Ecological observations across multiple continents can give us insights into patterns and mechanisms that may allow for broad generalizations in ecology. In the book, Rafe and I discuss how data can come from everywhere and how networks of observers can really push the limits of ecology by using very simple observational protocols across multiple temporal and spatial scales. International networking can also help us to face the many challenges of global change using local information in a global context.
I think one successful example of these broad global approaches has been the Mountain Invasion Research Network (MIREN) (http://www.miren.ethz.ch/). MIREN was founded in 2005 as a group of researchers, including me, interested in basic and applied questions on plant invasion in mountains. Seven years later, MIREN has become an interesting example of international networking in ecology. It includes 11 regions and 38 researchers (see the map). Using simple observational and experimental approaches, MIREN has published several papers in internationally recognized journals (e.g. (Pauchard et al. 2009, Alexander et al. 2011, Seipel et al. 2012)and several book chapters. The network has also informed managers in several countries and has promoted preventive management in mountains globally (McDougall et al. 2011).
Last week, a group of MIRENers met in the Andes of South Central Chile to plan for collaborations in a new phase. The amount of information and literature on invasion biology has grown exponentially in the last ten years, so has the literature on mountain plant invasions. Thus, the scenario for new interesting questions has changed and requires a new scope. We will continue our efforts using observational approaches, specifically using a very simple transect to study native and introduced plant across elevational gradients (see T transect in Seipel et al. 2012). We think by using these transects we can set up a monitoring system to study how species move up and down these gradients and explore the role of climate change on these migrations. We are also adding a new layer of complexity using experimental approaches that nicely complement the survey data. Experiments will clearly target much more specific questions but by doing this at a global scale, we expect to see generalities emerging from this research.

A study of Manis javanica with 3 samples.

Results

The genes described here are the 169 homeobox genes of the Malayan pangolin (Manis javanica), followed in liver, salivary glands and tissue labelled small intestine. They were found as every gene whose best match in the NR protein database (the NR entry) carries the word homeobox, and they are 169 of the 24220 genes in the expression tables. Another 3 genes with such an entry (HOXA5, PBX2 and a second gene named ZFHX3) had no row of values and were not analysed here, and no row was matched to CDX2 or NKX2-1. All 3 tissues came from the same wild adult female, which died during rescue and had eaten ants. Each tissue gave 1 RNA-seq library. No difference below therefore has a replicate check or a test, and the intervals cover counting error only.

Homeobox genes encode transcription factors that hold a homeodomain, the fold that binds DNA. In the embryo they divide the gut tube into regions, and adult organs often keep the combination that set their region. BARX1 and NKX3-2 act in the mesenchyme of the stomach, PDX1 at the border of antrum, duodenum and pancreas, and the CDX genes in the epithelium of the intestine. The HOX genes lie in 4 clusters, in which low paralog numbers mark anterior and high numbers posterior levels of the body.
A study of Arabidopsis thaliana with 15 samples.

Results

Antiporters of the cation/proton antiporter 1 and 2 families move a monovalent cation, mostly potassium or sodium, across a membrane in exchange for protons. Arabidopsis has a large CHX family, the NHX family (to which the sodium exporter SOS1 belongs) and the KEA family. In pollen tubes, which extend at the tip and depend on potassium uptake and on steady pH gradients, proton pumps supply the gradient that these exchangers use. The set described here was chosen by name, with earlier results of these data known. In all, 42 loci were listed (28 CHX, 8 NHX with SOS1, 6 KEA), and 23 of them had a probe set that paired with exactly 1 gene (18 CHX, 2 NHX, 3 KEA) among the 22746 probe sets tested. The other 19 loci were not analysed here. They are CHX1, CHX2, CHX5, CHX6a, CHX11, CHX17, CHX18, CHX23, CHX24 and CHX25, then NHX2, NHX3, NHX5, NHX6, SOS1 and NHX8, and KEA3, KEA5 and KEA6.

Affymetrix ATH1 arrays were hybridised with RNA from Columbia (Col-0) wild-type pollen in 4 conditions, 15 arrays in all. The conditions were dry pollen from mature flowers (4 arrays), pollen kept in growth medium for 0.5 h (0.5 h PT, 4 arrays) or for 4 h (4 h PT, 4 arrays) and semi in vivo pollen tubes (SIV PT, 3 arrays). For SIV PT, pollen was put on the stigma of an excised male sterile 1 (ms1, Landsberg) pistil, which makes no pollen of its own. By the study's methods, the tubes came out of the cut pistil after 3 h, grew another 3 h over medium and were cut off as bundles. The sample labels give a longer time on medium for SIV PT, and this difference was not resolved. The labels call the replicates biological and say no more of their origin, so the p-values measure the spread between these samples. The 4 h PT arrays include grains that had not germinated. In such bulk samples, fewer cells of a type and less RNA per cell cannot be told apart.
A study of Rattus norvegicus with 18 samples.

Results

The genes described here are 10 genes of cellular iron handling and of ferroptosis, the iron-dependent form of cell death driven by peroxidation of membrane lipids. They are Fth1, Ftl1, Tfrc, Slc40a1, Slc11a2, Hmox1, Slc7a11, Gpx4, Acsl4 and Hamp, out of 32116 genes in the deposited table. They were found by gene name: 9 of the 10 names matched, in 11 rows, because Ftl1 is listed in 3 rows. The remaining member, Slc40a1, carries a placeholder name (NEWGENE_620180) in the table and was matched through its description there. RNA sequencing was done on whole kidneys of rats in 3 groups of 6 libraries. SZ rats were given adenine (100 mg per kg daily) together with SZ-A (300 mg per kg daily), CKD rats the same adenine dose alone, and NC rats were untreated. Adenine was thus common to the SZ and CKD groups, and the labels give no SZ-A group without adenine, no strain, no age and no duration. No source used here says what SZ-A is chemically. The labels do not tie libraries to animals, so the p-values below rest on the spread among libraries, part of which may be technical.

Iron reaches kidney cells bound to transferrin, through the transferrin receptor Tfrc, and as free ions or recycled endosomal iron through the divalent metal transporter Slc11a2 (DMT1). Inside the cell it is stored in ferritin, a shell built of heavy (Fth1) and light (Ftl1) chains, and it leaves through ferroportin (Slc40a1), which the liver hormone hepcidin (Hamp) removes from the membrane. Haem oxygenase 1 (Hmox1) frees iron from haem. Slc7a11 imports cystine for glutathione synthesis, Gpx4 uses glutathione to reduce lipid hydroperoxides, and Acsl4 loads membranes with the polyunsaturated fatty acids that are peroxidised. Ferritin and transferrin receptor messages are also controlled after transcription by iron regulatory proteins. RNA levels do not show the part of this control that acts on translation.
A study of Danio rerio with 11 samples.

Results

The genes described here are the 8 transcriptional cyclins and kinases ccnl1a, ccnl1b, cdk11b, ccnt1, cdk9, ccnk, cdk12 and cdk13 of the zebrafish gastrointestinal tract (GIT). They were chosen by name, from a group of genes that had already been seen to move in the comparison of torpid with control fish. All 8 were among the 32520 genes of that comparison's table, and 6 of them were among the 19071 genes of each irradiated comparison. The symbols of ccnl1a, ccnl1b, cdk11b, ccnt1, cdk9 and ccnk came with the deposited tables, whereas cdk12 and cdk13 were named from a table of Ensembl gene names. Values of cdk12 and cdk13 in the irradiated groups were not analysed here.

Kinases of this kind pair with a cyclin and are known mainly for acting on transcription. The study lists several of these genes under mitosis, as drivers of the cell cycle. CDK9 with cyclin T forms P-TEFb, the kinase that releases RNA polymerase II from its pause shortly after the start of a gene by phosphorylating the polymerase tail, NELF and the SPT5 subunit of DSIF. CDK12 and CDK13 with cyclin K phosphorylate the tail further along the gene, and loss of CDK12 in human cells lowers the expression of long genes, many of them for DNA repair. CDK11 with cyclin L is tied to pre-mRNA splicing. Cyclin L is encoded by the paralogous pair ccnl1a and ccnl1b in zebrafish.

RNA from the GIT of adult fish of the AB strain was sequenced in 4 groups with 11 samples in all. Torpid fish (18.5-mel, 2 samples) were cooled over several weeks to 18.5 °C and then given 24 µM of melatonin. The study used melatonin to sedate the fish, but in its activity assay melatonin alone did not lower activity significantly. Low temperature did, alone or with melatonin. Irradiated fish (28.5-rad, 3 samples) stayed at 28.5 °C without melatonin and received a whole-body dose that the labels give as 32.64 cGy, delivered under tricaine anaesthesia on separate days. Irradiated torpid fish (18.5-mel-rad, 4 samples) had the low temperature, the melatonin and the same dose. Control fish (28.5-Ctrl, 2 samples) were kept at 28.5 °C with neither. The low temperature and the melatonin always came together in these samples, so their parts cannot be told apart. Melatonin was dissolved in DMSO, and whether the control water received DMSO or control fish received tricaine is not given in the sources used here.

In our book, we highlight the endless possibility of international scientific networking, especially when more developed countries join forces with countries where science is not the main priority. MIREN has proven that this is not a chimera, but a very realistic endeavor. Discussing and learning between scientists across continents and across different school of thoughts is also an important benefit of networking. We hope you get enthusiastic about this and take full advantage of this bright side of a globalized world.
- Alexander, J. M., C. Kueffer, C. C. Daehler, P. J. Edwards, A. Pauchard, T. Seipel, and M. Consortium. 2011. Assembly of nonnative floras along elevational gradients explained by directional ecological filtering. Proceedings of the National Academy of Sciences of the United States of America 108:656-661.
- McDougall, K. L., J. M. Alexander, S. Haider, A. Pauchard, N. G. Walsh, and C. Kueffer. 2011. Alien flora of mountains: global comparisons for the development of local preventive measures against plant invasions. Diversity and Distributions 17:103-111.
- Pauchard, A., C. Kueffer, H. Dietz, C. C. Daehler, J. Alexander, P. J. Edwards, J. R. Arevalo, L. A. Cavieres, A. Guisan, S. Haider, G. Jakobs, K. McDougall, C. I. Millar, B. J. Naylor, C. G. Parks, L. J. Rew, and T. Seipel. 2009. Ain’t no mountain high enough: plant invasions reaching new elevations. Frontiers in Ecology and the Environment 7:479-486.
- Seipel, T., C. Kueffer, L. J. Rew, C. C. Daehler, A. Pauchard, B. J. Naylor, J. M. Alexander, P. J. Edwards, C. G. Parks, J. R. Arevalo, L. A. Cavieres, H. Dietz, G. Jakobs, K. McDougall, R. Otto, and N. Walsh. 2012. Processes at multiple scales affect richness and similarity of non-native plant species in mountains around the world. Global Ecology and Biogeography 21:236-246.